Under one of two new deals, Televisa and Spain-based Mediapro will collaborate on at least three original series over three years, with Televisa handling production and Mediapro overseeing creative direction. First up is the scripted series Unwanted, created by Ran Telem, an Emmy Award-winning producer of Homeland. Unwanted tells the story of families from two different backgrounds whose lives changes dramatically when a surrogate pregnancy takes an unexpected turn.
The second production slated is Stroke, a 62-episode series to air on Univision and Televisa in 2020. Acclaimed film and TV writer-director Daniel Burman (Lost Embrace) will oversee the creative team on Stroke, which follows a struggling man who undergoes an extraordinary event that turns his life upside down.
In a separate joint production venture, Televisa and Endemol Shine’s Endemol Shine Boomdog, a unit focused on the U.S. Hispanic and Mexican markets, will produce the drama series Hijos de Tigre and game show Me Caigo de Risa (Anything Goes). Endemol Shine and Televisa have worked together on numerous formats since 2002, including Big Brother and Fear Factor. Most recently, Televisa and Endemol Shine collaborated on the sixth season of the talent competition Strictly Come Dancing (Mira Quién Baila).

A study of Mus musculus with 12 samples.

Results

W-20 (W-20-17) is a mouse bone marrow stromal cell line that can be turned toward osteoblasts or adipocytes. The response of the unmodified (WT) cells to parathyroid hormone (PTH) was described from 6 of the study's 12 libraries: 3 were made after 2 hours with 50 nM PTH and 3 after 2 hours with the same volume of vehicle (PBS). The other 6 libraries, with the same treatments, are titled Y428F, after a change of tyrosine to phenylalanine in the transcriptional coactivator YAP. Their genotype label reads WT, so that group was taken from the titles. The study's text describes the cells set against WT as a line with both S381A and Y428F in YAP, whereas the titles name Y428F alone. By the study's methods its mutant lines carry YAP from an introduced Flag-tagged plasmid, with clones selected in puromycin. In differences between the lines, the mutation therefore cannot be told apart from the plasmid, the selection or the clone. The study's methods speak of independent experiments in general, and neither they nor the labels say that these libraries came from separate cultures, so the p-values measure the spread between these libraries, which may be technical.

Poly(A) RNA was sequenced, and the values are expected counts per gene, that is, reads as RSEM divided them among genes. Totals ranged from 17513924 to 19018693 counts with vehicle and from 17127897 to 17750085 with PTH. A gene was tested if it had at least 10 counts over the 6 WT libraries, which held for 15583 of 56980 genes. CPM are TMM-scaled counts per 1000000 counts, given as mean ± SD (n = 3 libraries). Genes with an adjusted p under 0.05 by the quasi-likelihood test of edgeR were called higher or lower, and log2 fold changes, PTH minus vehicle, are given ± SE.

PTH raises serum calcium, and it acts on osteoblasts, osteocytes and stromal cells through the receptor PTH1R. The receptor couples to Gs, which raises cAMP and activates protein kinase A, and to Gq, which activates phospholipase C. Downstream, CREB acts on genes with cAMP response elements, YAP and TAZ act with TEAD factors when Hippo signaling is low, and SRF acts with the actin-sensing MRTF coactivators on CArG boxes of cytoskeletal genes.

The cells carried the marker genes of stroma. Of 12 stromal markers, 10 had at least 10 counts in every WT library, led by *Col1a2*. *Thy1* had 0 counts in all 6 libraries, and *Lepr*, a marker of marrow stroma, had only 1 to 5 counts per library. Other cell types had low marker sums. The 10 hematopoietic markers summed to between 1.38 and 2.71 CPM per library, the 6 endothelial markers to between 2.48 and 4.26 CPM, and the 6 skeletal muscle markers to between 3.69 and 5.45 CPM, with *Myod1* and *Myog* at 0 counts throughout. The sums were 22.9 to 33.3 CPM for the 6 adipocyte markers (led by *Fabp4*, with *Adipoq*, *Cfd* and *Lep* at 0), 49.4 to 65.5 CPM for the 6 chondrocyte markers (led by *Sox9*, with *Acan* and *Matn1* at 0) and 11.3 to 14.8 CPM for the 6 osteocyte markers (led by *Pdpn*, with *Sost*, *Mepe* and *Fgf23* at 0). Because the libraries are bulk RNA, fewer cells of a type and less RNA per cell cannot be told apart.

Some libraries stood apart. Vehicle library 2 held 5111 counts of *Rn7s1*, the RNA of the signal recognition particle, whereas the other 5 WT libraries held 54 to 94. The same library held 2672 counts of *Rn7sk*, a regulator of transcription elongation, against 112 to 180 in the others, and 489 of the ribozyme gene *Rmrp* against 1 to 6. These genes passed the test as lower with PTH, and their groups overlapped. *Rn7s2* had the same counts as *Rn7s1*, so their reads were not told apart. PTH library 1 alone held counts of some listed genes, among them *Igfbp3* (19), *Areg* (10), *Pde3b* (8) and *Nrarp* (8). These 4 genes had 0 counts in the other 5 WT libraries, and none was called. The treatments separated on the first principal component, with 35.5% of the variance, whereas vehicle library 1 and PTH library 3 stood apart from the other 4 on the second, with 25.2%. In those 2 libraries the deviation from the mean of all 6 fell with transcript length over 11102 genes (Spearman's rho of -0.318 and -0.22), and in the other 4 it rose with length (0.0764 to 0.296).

“Our Mexico City-based team at Endemol Shine Boomdog is already developing several promising new series with the team at Televisa and we look forward to successfully launching them together,” said Laurens Drillich, president of Endemol Shine Latino.
Both Netflix and Amazon have stepped up production in Mexico as part of an assertive effort to go head-to-head with Televisa and rival network TV Azteca. Netflix has shot more than 70 original shows in Latin America, including the hit crime drama Narcos: Mexico.